Binomial name: Phylloscopus coronatus, Coenraad Jacob Temminck & Hermann Schlegel, 1847
The eastern crowned warbler (Phylloscopus coronatus) is a species of Old World warbler in the family Phylloscopidae. It inhabits boreal and temperate forests in the east Palearctic.
The eastern crowned warbler is a medium-sized, rather robust and brightly coloured leaf warbler. It is dark olive-green above and white below with a strong head pattern of dark, grey lateral crown stripes with an indistinct yellowish median crown stripe. It also has a long yellowish-white supercilium with a dark stripe through the eye and dark lores and dusky yellow cheeks. It has a single pale wingbar. The square tail shows a slight fork. It has quite a strong, robust, pale-coloured bill and dark legs.
The eastern crowned warbler breeds in eastern Siberia from the Argun River eastwards and southwards into western Manchuria and into central Szechwan, the Korean Peninsula and Japan. It winters in south-east Asia from eastern India and Bangladesh to Java. It has occurred as a vagrant in western Europe with the fist record for Great Britain being in County Durham in 2009, this was the fifth record for the Western Palearctic. the UK, and Scandinavia.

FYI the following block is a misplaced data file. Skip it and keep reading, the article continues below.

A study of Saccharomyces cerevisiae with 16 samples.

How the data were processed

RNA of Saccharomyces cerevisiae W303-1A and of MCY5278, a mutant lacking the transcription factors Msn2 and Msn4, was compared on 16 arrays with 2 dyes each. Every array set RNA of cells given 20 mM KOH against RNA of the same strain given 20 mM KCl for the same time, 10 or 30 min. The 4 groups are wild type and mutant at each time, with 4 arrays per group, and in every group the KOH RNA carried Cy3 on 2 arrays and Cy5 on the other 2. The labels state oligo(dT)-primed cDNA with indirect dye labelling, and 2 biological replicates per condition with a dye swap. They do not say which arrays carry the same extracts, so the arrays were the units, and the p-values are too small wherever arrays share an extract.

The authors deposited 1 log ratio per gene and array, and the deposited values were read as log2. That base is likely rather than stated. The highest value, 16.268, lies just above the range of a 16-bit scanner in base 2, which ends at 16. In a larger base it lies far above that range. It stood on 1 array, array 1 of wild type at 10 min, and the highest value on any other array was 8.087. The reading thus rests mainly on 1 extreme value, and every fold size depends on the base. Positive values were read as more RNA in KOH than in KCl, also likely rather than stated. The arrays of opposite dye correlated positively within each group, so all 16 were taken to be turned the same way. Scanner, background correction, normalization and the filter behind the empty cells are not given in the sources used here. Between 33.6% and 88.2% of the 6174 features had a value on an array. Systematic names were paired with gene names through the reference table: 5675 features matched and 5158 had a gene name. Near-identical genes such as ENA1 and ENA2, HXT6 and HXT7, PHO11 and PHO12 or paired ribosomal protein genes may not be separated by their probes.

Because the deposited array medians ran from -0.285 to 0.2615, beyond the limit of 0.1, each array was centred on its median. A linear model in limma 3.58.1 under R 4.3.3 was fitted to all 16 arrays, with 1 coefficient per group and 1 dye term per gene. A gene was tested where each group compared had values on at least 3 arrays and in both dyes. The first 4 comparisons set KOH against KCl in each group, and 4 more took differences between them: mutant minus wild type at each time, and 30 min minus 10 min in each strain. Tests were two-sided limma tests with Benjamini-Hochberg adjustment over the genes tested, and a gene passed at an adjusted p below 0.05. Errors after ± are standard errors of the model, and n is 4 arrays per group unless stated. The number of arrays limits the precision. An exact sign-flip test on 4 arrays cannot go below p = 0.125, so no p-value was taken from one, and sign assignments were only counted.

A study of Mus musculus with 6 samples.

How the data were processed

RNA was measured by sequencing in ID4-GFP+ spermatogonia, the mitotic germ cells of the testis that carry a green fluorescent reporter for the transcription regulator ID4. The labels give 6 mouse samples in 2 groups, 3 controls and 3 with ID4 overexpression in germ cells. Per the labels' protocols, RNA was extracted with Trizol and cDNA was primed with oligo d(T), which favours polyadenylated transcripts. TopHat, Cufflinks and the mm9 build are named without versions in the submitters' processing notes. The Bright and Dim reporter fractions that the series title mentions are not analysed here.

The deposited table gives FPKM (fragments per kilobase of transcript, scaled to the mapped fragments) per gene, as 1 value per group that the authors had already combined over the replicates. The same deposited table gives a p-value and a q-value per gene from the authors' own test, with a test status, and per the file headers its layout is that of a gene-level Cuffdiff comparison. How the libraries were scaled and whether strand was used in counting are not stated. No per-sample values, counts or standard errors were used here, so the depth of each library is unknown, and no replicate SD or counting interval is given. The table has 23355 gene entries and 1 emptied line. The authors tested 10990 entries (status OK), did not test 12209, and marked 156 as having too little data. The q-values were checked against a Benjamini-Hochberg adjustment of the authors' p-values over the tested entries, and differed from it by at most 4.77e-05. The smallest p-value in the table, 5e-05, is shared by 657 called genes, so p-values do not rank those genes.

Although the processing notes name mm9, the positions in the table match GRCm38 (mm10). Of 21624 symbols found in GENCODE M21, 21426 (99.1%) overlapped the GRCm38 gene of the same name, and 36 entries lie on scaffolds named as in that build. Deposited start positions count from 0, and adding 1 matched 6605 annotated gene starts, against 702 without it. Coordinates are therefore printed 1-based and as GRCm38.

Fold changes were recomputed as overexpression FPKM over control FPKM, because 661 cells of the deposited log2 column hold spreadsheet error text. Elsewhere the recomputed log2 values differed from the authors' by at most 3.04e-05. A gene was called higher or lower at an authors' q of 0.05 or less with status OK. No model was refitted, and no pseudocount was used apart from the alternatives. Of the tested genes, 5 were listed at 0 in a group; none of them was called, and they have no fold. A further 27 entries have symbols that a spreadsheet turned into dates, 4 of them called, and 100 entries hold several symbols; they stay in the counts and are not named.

Habitat and biology
The eastern crowned warbler of open woodland, either mixed or deciduous, at the lower and middle altitudes of mountains, although in the northern part of their range they inhabit dense taiga. Wintering birds occur in open woodland, deep jungle and mangroves. This is an arboreal species but it will forage quite low down in vegetation and will join mixed flocks of other small birds in the winter and in the breeding season. The vocal species is often located by its frequent singing. It readily flycatches by sallying out from a parch to catch insects in flight.
The genus name Phylloscopus is from Ancient Greek phullon, "leaf", and skopos, "seeker" (from skopeo, "to watch"). The specific coronatus is from Latin and means "crowned".